One of the first hotels established in Waikiki, The Royal Hawaiian is considered one of the most famous hotels in Hawaiian tourism. These days, the hotel has lost some of its luxurious feeling, but still remains a lovely place to stay.
Recently we were reunited with our beloved Royal Hawaiian hotel in Waikiki. Affectionately known as the Pink Palace of the Pacific, the Royal Hawaiian is a Luxury Collection (formerly SPG, now Marriott) that was built back in 1927.
We have stayed here many times and mostly on celebration events, so it has a special place in our heart, and we have made friends with a number of the staff over the years. We were last here five years ago and this is our most recent review. We began our trip with a wonderful flight on Hawaiian Airlines, a brand we highly recommend.
Snuggled between the high rises of the Sheraton and Outrigger Waikiki and right behind the Cheesecake Factory and shopping of Kalakaua Avenue, the Royal Hawaiian enjoys an enviably wide and relatively long strip of Waikiki Beach’s white sand. It’s a nine-mile drive from Honolulu airport.
Style and Character
The pink theme can be a bit overwhelming, and, despite its place right on the beach, the Royal Hawaiian’s dark lobby with vaulted archways and many original rooms have an unusual focal point: a leafy central corridor instead of the sea.
Constructed by maritime company Matson in 1927, it’s said that once traveler’s reached Hawaii by ship, they’d had their fill of ocean views. Though there are some historic rooms that face the water, a newer 17-storey room tower, also rose-rimmed, offers elevated views. Its exclusive lobby lounge and separate check-in feels a little disjointed from the original grounds.
Sadly this did not start out well. As a Bonvoy Gold member I completed the online check in via the app in the hopes of saving time but whilst reception was not busy we were not greeted with a welcome back and I had to ensure that the room I booked was the one allocated to us….It wasn’t but was quickly corrected once I pointed out the error.
We historically have chosen rooms from the smaller original lodgings in the six-floor historic building, with intricate pink patterned wallpaper, paddle fans and four-poster beds (in some suites), on this trip we sought out a corner rooms in the more contemporary rooms and suites of the Mailani Tower. Those rooms have balconies with plush pink outdoor seating, bathrooms with raised basin sinks and multi-setting Japanese toilets. All rooms come with coffee-makers, pink robes and locally-made Malie Organic toiletries.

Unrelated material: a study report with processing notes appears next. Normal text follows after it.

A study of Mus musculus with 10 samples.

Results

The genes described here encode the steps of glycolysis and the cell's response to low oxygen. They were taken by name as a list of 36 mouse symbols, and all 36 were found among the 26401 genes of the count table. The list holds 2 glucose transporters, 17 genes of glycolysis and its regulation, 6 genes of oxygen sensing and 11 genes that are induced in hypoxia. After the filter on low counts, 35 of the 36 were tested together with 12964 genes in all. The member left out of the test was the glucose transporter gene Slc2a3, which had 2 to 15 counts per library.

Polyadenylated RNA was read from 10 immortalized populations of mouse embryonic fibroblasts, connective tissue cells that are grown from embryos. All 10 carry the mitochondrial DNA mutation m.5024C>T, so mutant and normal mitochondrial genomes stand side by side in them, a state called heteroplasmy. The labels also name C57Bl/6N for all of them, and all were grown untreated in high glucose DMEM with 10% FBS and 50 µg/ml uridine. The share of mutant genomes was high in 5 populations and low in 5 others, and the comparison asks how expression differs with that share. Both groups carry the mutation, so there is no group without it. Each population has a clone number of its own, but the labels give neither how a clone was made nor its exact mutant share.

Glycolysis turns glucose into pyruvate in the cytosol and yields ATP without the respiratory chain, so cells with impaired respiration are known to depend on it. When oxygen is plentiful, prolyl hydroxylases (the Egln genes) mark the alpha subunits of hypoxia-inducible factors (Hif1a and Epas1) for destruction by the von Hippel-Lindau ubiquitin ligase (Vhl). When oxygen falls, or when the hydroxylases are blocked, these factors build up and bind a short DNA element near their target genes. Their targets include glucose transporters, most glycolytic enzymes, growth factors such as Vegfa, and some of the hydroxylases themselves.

Whilst our stay was comfortable I am afraid the Grand Old Lady of Waikiki is definitely showing her age and in my humble opinion is now in need of some TLC /upgrading.
Food and Drink
Though the historic Mai Tai Bar didn’t invent its eponymous cocktail, some say it was the first to import it to Hawaii and add its now often-standard tropical twist: pineapple and freshly squeezed lime. You’ll be hard pressed to find a better Mai Tai anywhere on Oahu.
The Surf Lanai, on a deck above the sand, is rather overpriced but does a decent à la carte breakfast and if you are lucky to get a beachfront table well worth it just for the morning view of paradise.
Oceanfront and candle-lit seafood eatery Azure is open for dinner only.
For casual dining most of the day the menu at the Mai Tai bar is excellent.
Service and Facilities
The experience feels personal and upscale, from the beads around the neck at check-in. (Guests also have sharing privileges to use the seaside pool with waterslide at the Sheraton Waikiki next door). The Abhasa Spa offers a range of treatments, including massages in outdoor cabanas hidden among the thick ferns and towering palms of the onsite garden which we always use for relaxing treatments.
All in all, a great resort but for some reason we felt the value proposition was being eroded and not just because of COVID restrictions either.
Thinking about trying Halekulani or the Moana Surfrider for our next visit so stay tuned!
For Andrew, travel is so much more than just learning history or taking photos. Rather, the value of travel is witnessing a lifestyle, bonding with locals, and gaining rich cultural experiences. That’s why he founded the Luxury Wanderer; a place to share itineraries, offer advice, swap stories, and foster a like-minded community of curious travellers.